Friday, May 3, 2024

"FLEX" at Penumbra Theatre Company

The new play FLEX, about a high school girls basketball team in the mid-90s, is receiving its area premiere at Penumbra Theatre Company. Like The Wolves (about a high school girls soccer team, which the Jungle produced twice a few years ago), it's about so much more than sports. It's about friendship, teamwork, betrayal and what it's like to be a teenage girl. It's a little lighter than what I remember The Wolves to be. While there is tragedy and difficult issues that the girls are dealing with, in the end it's a feel-good story about camaraderie and the triumph of a group when everyone works together. See it at Penumbra in St. Paul's historic Rondo neighborhood through May 19.

In just about two hours (including intermission), we follow the "Lady Train" basketball team in a small town in Arkansas. The aptly named Starra (Eboni Edwards) was seemingly destined to be a star, following in her now deceased mother's footsteps. She has several monologues in which she's talking to her mother, which gives us insight into her character (and Eboni makes her very appealing and likable, despite Starra's missteps). She's joined on the team by longtime friends - the newly pregnant April (Aubree Chanel Dixon) and secret girlfriends Cherise and Donna (Tyra Lee Ramsey and Charlotte McDaniel) - as well as recent California implant Sidney (Kalala Kiwanuka-Woernle), who has scouts following her. Coach (Regina Marie Williams) kicks April off the team when she learns about the pregnancy; she has a rule, not out of malice or judgement, but out of safety. Her teammates try to help April in any way they can, while Starra and Sidney try to navigate their rivalry.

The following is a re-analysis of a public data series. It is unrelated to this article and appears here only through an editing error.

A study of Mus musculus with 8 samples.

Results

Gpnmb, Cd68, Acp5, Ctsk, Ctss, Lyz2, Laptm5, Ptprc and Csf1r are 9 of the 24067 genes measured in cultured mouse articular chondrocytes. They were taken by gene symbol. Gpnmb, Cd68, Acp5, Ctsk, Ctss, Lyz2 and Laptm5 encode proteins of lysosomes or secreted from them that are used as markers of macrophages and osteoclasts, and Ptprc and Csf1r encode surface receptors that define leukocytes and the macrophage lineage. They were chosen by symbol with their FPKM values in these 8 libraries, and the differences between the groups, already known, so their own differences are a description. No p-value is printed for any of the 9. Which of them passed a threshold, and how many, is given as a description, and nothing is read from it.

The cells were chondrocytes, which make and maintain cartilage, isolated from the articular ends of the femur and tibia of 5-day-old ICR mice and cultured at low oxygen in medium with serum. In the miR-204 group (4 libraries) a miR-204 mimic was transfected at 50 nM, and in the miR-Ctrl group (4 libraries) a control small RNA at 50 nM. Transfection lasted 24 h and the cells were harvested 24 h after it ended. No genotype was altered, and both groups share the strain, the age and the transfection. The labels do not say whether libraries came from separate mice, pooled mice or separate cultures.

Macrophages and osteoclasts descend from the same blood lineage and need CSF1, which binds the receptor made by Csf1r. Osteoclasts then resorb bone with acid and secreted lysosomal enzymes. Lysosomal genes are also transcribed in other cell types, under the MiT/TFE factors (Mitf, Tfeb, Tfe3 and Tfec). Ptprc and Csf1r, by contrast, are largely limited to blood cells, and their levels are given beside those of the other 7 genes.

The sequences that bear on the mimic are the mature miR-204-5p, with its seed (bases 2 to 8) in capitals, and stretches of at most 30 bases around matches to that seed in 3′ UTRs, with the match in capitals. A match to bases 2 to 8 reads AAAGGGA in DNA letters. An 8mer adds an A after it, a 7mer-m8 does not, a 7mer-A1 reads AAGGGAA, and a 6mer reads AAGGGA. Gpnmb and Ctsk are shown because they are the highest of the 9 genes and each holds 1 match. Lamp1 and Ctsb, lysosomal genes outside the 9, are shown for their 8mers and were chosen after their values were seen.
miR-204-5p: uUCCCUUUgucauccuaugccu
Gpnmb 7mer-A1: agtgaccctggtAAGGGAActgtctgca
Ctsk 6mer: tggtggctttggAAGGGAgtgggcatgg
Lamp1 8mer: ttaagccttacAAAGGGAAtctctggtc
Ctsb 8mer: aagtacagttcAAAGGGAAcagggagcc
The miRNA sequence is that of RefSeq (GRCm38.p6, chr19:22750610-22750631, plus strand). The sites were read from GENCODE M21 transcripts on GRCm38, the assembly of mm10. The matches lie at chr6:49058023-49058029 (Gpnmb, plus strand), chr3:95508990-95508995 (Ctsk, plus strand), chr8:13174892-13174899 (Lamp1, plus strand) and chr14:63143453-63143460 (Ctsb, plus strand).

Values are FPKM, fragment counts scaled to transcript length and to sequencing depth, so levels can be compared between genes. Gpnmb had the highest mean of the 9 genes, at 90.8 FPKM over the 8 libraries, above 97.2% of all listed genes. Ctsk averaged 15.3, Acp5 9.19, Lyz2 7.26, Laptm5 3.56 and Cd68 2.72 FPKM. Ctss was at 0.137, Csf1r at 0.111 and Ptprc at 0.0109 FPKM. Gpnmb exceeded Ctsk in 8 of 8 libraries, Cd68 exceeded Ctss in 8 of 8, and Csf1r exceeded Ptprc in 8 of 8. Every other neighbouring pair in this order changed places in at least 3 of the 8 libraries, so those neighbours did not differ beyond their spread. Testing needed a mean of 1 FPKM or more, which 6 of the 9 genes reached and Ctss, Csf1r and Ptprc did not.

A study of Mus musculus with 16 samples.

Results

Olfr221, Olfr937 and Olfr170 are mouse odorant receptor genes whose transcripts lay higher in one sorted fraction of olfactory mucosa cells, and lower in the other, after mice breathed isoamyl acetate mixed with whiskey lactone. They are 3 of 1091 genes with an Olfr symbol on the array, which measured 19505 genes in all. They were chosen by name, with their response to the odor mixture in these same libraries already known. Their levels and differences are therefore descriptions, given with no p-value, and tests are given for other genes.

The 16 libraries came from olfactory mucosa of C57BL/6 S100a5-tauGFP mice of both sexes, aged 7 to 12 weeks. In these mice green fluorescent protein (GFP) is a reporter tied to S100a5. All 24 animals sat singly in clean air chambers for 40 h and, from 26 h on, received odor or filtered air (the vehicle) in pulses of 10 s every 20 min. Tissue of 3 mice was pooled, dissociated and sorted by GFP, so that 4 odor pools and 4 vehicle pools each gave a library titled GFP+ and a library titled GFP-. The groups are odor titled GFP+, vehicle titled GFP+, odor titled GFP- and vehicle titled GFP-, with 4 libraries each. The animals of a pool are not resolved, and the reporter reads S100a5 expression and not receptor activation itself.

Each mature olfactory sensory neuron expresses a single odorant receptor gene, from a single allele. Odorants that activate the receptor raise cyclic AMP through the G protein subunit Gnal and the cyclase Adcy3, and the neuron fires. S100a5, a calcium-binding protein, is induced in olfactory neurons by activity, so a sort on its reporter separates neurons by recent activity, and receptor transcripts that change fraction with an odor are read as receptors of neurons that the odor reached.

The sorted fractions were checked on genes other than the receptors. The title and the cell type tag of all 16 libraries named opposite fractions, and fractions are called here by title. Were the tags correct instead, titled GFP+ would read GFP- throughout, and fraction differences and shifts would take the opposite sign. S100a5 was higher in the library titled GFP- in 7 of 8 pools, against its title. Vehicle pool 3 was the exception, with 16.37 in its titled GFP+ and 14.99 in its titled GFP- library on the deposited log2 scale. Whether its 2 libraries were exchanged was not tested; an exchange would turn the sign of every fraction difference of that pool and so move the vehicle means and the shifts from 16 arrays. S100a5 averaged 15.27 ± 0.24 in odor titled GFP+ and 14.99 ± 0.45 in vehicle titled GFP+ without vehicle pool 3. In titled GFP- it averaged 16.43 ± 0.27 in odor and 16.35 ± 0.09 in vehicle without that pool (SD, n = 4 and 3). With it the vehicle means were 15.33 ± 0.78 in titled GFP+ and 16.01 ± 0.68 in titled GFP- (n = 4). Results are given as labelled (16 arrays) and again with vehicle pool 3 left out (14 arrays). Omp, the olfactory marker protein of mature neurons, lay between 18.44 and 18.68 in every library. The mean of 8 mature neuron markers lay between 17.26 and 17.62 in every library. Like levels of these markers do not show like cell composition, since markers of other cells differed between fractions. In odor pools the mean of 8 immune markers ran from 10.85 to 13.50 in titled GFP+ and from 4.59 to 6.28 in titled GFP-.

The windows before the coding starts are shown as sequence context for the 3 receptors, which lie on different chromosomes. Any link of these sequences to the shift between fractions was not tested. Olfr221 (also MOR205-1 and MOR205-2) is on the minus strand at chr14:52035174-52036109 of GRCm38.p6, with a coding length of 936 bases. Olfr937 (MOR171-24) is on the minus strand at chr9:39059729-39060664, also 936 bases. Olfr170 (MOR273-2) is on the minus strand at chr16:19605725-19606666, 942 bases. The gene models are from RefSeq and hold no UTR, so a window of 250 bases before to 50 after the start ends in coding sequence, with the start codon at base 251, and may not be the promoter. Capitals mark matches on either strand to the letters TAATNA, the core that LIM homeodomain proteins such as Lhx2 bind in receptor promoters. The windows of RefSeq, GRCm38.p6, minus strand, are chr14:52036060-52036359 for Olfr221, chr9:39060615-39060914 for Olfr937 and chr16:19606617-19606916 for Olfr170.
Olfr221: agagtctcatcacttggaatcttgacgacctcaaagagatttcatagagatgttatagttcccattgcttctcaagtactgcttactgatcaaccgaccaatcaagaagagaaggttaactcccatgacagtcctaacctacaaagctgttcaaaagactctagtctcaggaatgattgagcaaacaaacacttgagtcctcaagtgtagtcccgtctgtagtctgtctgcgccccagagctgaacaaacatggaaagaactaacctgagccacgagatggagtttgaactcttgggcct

the cast of FLEX (photo by Caroline Yang)
Director Tiffany Nichole Greene (who has worked on a little show called Hamilton, among others) leads this talented cast through not just the tricky basketball scenes, but also the drama and humor of the story (sometimes all at the same time). The scene transitions are very smooth, often the next scene is being set up before we finish this one, which keeps the momentum and story flowing. As the coach, #TCTheater Queen Regina has a smaller role, but makes her presence felt. The five young actors, most of whom are new to me, take on most of the storytelling, and do a wonderful job. Each is a specific and complex character, with believable relationships between them. And not only that - they can really play! Thanks to the rare theater credit of basketball consultants (Tommy Franklin and Faith Johnson Patterson) there are lots of dribbles, passes, and slam dunks (is that what they're called? I don't know basketball). The girls all look like naturals, despite some of them being new to the sport (or any sports!).

The stage at Penumbra has been turned into a basketball court in a gym, with a huge rotating back wall that transforms from the gym to a wooden wall for other locations - a backyard court and living room among them. A couple of benches and two armchairs serve multiple purposes, moved quickly and efficiently into place. The mid-90s setting allows for some retro music (which I can't identify - I know pop music about as much as I know basketball) and fashion, with pieces added to the basic basketball uniform to make each girl unique. (Scenic design by Ruben Arana-Downs, sound design by Theo Langason and Peter Morrow, costume design by Ari Fulton.)

FLEX deals with some heavy issues that these young Black women in the South are dealing with, but it's ultimately hopeful as they get through it by working together and supporting each other. It takes place around the time when the WNBA started, and now, almost 30 years later, it feels like women's basketball is finally getting the kind of attention it deserves, although we still have a long way to go in terms of pay equity. If you're a new (or old) fan of women's basketball, you'll likely get a kick out of this show. But even if you know nothing about the b-ball (I gather "flex" is the name of a play?), you can still relate to the characters and relationships depicted.